By: IOL Motoring Staff

Knysna - Jeep's all-new Cherokee has landed in South Africa and it forges a bold new path in design and technological terms.

Built on the new ‘Compact US Wide’ platform developed in conjunction with owner Fiat, the newcomer has ditched the boxy and rugged style of its predecessor for a more aerodynamic shape, while the daring front end is sure to divert opinion.

Beneath the skin, the new Cherokee is the first mid-sized SUV to offer a nine-speed automatic gearbox and rear-axle disconnect.

SA buyers get to choose between two petrol engines: a 2.4-litre MultiAir four-cylinder unit with 130kW and 229kW on tap and a 3.2-litre Pentastar V6 that develops 200kW and 315Nm. Jeep claims combined fuel consumption figures of 8.3 litres per 100km for the 2.4 and 10.0 l/100km in the case of the 3.2.

Denis Droppa drove the V6 model at its launch in the Western Cape last week and said that it delivers good grunt and at sea level: “there are no unsatisfied power cravings, though up at Gauteng altitude the lack of turbocharging will rob these engines of some of their spiritedness.”

The new Jeep's underpinnings are more sophisticated and the suspension system, featuring a multi-link rear axle, offers an extremely compliant ride quality over a multitude of surfaces. As Droppa puts it: “The ride quality is another standout feature, particularly the way this Jeep's suspension (independent front and rear) glides contentedly over rough dirt roads.”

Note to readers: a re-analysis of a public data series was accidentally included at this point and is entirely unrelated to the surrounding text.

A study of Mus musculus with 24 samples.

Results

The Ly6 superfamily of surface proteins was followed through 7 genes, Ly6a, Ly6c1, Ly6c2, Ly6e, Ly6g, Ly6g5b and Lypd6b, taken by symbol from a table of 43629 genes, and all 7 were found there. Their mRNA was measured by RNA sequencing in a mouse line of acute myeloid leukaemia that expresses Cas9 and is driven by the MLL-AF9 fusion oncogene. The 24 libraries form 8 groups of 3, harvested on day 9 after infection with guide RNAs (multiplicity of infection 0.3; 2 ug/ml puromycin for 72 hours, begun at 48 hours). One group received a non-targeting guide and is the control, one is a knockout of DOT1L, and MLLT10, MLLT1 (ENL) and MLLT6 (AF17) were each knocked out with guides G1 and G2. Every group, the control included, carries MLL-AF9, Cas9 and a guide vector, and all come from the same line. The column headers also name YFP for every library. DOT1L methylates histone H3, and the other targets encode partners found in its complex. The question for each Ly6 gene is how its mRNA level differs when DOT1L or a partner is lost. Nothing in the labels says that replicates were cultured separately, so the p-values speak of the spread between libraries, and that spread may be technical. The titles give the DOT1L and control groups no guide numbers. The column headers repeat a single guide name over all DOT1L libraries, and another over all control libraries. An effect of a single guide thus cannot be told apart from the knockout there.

Despite the emphasis on comfort, Jeep hasn't abandoned its traditional bundu bashing clientele and the upper half of the range offers a choice between two four-wheel drive systems (the two bottom models are front-wheel drive).

The 3.2 Limited AWD features Jeep's Active Drive I system and the more hard-core Trailhawk version has the Jeep Active Drive Lock set-up.

Both systems incorporate Jeep's Selec-Terrain traction control with Auto, Snow, Sport and Sand/Mud settings while the Trailhawk adds a Rock mode.

Also setting the Trailhawk apart is a locking rear diff that improves low speed power delivery, along with a Low range that provides a 2.92:1 gear reduction for crawling through tricky terrain. Hill-ascent and Hill-descent control systems are also part of the deal.


Another area where this Jeep has made leaps and bounds is in the look and feel of the cabin. “Step inside and the previously cheap, hard plastics and five shades of grey have been replaced by a much more premium cabin with classy soft-touch surfaces, splashes of warm colour, and a German-like attention to detail,” Droppa explained.

Three interior trim choices are available and leather trim is standard on the Limited versions, while the Trailhawk offers a sportier leather/cloth combo. This and the Longitude base model can be ordered with full leather.

This Cherokee goes big on gadgets too, offering a new Wireless Charging Pad as an option and a UConnect 8.4-inch colour touchscreen audio system with 3D navigation as standard. Limited versions also gain a seven-inch reconfigurable TFT instrument cluster.

On the safety front there's a whole glut of optional gadgets available, such as Adaptive Cruise Control with Stop&Go, Lane Departure Warning, Blind Sport Monitoring and Rear Cross Path Detection to name just a few. Seven airbags feature as standard, further cushioning a structure that helped the Cherokee earn a five-star EuroNCAP rating.


2.4 Longitude FWD - R479 990

3.2 Limited FWD - R505 990

3.2 Limited AWD - R563 990

3.2 Trailhawk 4WD - R607 990

A six-year/100 000km maintenance plan is standard on all models.